SSA May Eliminate the Right to an In-Person Hearing in Favor of Video Teleconference

SSA May Eliminate the Right to an In-Person Hearing in Favor of Video Teleconference


The new proposed rule would not allow you to choose whether or not you would like an in-person hearing. The proposed rule, “Setting the Manner for the Appearance of Parties and Witnesses at a Hearing” will give the SSA the power to decide if a hearing before an ALJ is in-person or by a video teleconference system. The SSA can even decide to conduct a hearing by telephone instead of video teleconference if the video teleconference system is not working, or if there are any other “extraordinary circumstances” that would require a telephonic hearing.

The SSA believes this new rule will decrease the total number of cases pending before an ALJ and will reduce the discrepancies in wait times among the hearing offices. They believe that the video teleconference system will save money and increase the administration’s efficiency. According to SSA, for the past 20 years, the SSA experimented with the use of video teleconference systems, and has determined that video teleconferencing has improved case processing times, reduced backlogged hearing requests, and reduces ALJ travel.

Not everyone is in favor of this proposed rule. Those who are opposed to the rule believe that it will deprive millions of Americans of their constitutional right to an in-person hearing. They believe that video hearings should only be used when they are chosen by the individual because he or she believes it is the best way to present evidence of their disability and not because SSA mandated it.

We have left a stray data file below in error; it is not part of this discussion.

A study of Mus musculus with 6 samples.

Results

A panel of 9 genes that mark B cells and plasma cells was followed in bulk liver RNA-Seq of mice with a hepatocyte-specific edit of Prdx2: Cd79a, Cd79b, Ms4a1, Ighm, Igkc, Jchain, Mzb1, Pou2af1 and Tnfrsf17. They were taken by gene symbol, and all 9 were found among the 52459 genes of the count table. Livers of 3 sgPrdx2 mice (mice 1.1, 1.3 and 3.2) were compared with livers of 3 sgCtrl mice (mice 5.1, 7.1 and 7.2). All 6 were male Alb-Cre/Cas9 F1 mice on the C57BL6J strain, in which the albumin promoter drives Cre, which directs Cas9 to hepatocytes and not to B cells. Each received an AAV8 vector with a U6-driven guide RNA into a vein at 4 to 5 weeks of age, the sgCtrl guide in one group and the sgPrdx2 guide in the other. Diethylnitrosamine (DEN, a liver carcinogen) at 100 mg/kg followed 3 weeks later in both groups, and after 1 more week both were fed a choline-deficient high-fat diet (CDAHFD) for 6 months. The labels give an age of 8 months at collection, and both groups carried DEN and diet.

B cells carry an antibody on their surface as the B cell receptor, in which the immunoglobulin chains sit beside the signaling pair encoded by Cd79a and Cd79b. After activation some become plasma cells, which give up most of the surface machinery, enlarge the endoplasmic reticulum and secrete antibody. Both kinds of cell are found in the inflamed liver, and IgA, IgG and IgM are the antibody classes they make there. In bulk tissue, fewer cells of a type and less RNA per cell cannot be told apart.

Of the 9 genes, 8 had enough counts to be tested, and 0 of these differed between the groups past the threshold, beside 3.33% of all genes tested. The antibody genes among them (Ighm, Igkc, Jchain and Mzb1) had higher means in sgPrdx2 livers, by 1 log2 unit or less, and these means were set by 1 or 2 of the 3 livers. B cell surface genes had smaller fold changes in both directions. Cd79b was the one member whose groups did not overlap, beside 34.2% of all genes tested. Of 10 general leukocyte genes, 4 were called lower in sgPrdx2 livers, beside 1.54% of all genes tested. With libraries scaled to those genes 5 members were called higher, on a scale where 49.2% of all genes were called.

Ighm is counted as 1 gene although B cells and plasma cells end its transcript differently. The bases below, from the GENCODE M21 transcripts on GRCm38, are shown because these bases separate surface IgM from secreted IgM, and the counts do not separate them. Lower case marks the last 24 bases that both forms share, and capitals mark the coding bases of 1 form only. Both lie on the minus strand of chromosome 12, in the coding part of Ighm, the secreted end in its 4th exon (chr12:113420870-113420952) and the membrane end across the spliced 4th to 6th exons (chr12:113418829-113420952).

The organizations and advocates against the proposed rule also believe that the video teleconference hearings are less fair and may be less efficient, stating that SSA failed to demonstrate that remote hearings that use video teleconferencing are more efficient or reduce processing times. A study in 2018 of hearing office workloads showed that 3 of the 8 hearing offices with the longest average processing times are offices that perform nearly all of their hearings via video teleconference. Those opposed also express concern that video conference systems are not advanced enough to consistently provide good video and audio quality. Even if the quality of the video was good enough, hearings conducted via video are always going to be different than in-person hearings.

As of January 14, 2019, the proposed rule is now closed to public comment. If this proposed rule is ultimately adopted by SSA, it will likely be challenged in a lawsuit against the SSA both in individual cases and in class actions. We will continue to monitor this new proposed rule to and monitor its impact on your right to an in-person hearing.